J.M. Smucker To Use Blockchain For Traceability Of 1850 Coffee Brand


The company has teamed up with Swiss blockchain startup Farmer Connect, which helps building farm-to-consumer traceability solutions for enterprises based on the blockchain-powered IBM Food Trust Platform.

Farmer Connect has worked with IBM to develop an application named "Thank My Farmer" that gives consumers a full description of the coffee they are drinking. The Thank My Farmer app will be used to provide traceability for the 1850 Coffee brand, which will be the first in the U.S. to use the app.

The app will make it easy for coffee drinkers to trace their coffee back to its country of origin and learn about efforts to help farmers in coffee-growing regions. Consumers can get information on the supply chain and production by scanning the QR code on the bag of coffee using a smartphone.

On QR code scanning, consumers will be routed to the Thank My Farmer website, which provides information about which bean is used, where it was grown, processed and exported, the location and when it was roasted and the ports they were shipped to and beyond.

The coffee supply chain is complex given that green coffee is produced by more than 25 million smallholder farmers, as opposed to the larger farms that are associated with delivering the majority of other commodities.

Blockchain will help establish an immutable, transparent environment for transactions among the members of the coffee supply chain ecosystem, including growers, logistics providers, traders, brand owners, retailers, regulators, and consumers.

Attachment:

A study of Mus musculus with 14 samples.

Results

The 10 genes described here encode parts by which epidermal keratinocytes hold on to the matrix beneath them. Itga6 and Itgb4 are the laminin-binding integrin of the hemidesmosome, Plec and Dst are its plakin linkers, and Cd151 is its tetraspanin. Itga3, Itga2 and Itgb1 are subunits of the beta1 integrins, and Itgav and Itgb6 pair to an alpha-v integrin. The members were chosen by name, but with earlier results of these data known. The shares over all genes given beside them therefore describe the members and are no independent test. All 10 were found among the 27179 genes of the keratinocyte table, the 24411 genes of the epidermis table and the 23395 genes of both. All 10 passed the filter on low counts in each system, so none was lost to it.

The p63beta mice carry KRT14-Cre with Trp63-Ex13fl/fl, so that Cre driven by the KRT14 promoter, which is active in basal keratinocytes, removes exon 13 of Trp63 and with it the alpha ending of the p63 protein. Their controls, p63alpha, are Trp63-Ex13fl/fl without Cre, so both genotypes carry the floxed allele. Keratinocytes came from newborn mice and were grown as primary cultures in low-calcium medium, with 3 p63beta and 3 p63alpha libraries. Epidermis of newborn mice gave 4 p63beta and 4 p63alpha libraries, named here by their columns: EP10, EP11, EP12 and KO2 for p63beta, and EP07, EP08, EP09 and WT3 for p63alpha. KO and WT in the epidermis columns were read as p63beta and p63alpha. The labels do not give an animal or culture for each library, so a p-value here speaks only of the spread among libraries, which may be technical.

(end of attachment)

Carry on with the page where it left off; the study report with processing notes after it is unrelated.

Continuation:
This deal is part of a larger partnership in September 2019 between Farmer Connect and a consortium of companies from the global coffee supply chain, which included J.M. Smucker, the Colombian Coffee Growers Federation, , ITOCHU Corp., JACOBS DOUWE EGBERTS (JDE), RGC Coffee, Beyers Koffie, and Sucafina.

In April this year, Swiss food major Nestlé extended the use of IBM Blockchain to apply blockchain technology to track Zoégas coffee brand to similarly provide coffee lovers greater transparency on the product. Nestlé also previously used IBM Blockchain to track Maggi's Mousline puree and the GUIGOZ Bio 2 and 3 organic infant milk range.

The use of blockchain for food provenance is expected to help reduce food fraud, including mislabeled, diluted or substituted foodstuffs.

A recent IBM Institute for Business Value study found that 73 percent of consumers will pay a premium for full transparency into the products they buy.